It has been said that only 15% of all addicts will seek help. That means that millions of people will eventually die in addiction never seeking help. An addiction treatment intervention could be the answer. We’ve all heard that addicts “have to want” sobriety, but if that person is close to you it is hard to sit and wait until they’re ready. An addiction intervention is a planned, structured process that steers the non-compliant prospective patient towards help and treatment. A trained interventionist, with the help of friends and family, will facilitate the whole process. The interventionist then works out arrangements for admission to a facility and can accompany them to the treatment center they have chosen.
Does someone you know need an addiction intervention?
Every time the phone rings are you worried what bad news it will bring? When your loved one, who is addicted to drugs or alcohol, leaves do you fear it will be the last time you see them alive? Are you afraid that something tragic will happen and you will be left with feelings of guilt because you didn’t do something? Are you at your wit’s end with your loved one and their addiction? Have you exhausted all of your resources to help the addict? If the answer is yes to any of these questions then it might be time for an intervention.
Recovery Ways and our trained admission coordinators can help you and your family secure and interventionist. We work with an extensive network of exceptional addiction treatment intervention professionals and can help you and your family place your loved one in treatment as soon as possible.
What is an intervention?
A successful addiction intervention is never spontaneous. Family, friends or co-workers together plan to confront a loved one about his or her self-destructive behavior (generally an addiction to drugs or alcohol) and to get the loved one to seek professional help by checking into a drug rehabilitation center. There are two types of interventions:
An informal intervention can be as simple as having a one-on-one conversation with the alcohol or drug dependent person in which you ask questions or make observations about how their behavior has negatively affected their life and yours.
A formal intervention is a structured conversation with the addictive person that involves a group of people who are important to the addict. Formal interventions are usually used when the addictive person repeatedly refuses to get help. It is encouraged that this confrontation is done with dignity and respect. Clear instructions for getting help are provided along with clear consequences if the help is refused. Often there is a prior meeting where plans are set and the group practices what they are going to say to the addict.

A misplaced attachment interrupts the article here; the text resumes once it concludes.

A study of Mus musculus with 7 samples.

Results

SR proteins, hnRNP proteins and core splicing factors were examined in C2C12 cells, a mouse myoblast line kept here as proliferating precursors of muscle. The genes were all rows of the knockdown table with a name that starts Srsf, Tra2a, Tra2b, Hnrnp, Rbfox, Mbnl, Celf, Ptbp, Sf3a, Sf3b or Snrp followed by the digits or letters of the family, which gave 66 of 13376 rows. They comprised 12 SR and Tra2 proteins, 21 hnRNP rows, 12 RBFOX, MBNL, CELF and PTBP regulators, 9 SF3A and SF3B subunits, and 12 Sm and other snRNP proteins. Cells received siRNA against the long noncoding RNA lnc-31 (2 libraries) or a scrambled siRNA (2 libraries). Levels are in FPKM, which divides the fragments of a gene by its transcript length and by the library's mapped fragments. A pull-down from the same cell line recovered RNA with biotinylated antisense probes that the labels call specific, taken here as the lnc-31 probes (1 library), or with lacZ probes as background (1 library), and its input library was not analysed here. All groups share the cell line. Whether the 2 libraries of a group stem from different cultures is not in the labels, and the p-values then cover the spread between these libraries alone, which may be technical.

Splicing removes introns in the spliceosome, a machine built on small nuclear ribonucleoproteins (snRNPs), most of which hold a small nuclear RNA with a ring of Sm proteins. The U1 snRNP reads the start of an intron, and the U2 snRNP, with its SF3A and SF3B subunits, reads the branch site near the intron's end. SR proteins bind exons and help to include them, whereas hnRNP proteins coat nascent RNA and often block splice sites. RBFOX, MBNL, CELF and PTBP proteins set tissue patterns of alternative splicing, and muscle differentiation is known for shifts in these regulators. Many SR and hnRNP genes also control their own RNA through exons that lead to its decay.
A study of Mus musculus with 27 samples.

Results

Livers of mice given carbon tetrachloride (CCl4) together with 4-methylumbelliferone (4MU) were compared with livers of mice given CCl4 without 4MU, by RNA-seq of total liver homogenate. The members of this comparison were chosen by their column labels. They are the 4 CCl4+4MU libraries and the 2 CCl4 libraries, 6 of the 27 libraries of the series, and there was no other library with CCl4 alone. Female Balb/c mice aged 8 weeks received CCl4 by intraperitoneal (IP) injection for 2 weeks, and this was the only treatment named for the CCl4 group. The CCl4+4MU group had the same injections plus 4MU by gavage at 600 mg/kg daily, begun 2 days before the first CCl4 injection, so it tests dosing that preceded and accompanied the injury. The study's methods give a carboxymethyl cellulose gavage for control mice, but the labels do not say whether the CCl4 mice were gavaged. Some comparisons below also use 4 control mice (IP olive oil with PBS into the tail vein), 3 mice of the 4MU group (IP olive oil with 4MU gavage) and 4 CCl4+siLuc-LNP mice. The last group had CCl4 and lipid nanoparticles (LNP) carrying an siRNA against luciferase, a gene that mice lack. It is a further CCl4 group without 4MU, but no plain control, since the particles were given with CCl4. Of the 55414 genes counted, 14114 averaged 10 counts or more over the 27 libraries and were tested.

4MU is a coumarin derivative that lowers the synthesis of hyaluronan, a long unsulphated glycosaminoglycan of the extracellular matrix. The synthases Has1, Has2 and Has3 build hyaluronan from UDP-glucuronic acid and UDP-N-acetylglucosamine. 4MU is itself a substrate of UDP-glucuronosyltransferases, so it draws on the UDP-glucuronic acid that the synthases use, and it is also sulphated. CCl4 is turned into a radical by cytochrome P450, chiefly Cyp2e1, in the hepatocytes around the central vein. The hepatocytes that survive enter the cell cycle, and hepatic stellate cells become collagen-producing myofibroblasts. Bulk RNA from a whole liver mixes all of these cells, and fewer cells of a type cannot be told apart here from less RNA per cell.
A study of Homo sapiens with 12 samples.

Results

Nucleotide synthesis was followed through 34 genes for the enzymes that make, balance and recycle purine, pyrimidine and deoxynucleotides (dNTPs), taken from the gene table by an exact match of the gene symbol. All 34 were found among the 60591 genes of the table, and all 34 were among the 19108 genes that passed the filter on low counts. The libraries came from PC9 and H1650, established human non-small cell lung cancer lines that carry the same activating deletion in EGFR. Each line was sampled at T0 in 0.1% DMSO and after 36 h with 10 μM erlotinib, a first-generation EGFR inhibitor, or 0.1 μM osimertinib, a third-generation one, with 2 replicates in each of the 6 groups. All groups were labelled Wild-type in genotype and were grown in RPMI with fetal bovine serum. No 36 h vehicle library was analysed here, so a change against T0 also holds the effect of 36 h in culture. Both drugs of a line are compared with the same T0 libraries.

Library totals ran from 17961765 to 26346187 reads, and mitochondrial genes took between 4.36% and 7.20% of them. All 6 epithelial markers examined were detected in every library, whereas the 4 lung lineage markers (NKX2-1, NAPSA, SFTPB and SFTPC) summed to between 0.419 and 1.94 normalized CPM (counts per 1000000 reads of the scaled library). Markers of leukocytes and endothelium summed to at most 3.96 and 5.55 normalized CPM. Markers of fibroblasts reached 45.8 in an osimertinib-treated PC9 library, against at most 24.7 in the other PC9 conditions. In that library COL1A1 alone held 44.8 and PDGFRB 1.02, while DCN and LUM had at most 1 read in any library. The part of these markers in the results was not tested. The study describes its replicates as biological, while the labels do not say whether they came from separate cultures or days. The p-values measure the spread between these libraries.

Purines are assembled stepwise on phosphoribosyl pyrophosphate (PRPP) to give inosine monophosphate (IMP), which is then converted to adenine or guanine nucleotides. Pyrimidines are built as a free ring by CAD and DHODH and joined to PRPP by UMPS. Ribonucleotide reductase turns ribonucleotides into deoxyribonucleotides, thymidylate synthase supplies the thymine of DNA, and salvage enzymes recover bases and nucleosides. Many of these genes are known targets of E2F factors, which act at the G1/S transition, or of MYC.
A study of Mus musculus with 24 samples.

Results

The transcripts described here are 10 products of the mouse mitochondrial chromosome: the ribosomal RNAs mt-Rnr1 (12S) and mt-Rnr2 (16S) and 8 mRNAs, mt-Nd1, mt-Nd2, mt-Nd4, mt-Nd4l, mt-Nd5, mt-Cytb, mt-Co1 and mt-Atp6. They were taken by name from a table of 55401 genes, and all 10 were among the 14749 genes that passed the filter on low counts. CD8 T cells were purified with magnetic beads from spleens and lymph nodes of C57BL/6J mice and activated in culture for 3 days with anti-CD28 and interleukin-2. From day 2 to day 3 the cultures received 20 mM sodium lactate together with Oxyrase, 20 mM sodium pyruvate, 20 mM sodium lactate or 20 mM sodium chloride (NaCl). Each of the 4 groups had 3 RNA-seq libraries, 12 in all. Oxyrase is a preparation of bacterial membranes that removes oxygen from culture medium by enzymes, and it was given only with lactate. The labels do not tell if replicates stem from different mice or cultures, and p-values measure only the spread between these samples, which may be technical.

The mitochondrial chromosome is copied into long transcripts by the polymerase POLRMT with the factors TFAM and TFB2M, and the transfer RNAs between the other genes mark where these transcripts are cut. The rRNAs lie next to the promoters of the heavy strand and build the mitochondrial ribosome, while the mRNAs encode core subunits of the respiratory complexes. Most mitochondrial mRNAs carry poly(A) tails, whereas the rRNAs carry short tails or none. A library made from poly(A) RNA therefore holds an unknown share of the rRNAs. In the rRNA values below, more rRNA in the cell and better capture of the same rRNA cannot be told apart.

Addiction treatment interventions can be done alone or with the help of an interventionist, but interventions without professional guidance should be navigated very carefully, if not avoided altogether. Interventionists are specially trained addiction counselors who can help you conduct the intervention in a safe and often more productive manner. Working with a professional also allows you to focus on your personal contribution to the intervention and let go of the pressure of managing everyone and keeping a positive but firm environment. The interventionist will assist you and your loved ones from the planning the intervention, to escorting your loved one to the rehab facility, to aftercare and recovery.
The goal of an intervention is to get the person to agree to get help immediately by attending a drug and alcohol treatment program. Just promising to stop the behavior is not an acceptable conclusion.
What behaviors can be addressed?
Interventions can be used to address several self-destructive behaviors. The most commonly thought of interventions are for drug or alcohol abuse, but they can also be used for eating disorders, sex addiction, gambling, self-mutilation, internet/computer addiction, and several types of poor personal health care decisions or actions that are harmful. Addiction treatment programs in Utah are available for these behaviors.
How do I choose a good interventionist?
A good interventionist is usually a licensed or certified professional and will have specialized training in interventions. Don’t be afraid to ask questions about their experience, qualifications and skills. The most important thing when choosing an interventionist is that you trust the person. If you feel uneasy or don’t agree with their methods, move on.
At Recovery Ways we work with a network of highly trained and exceptional interventionist across the country. Our admissions staff will be happy to give you the name and contact information for someone who will suit your individual needs. To speak with an admission coordinator contact us by calling 888.986.7848.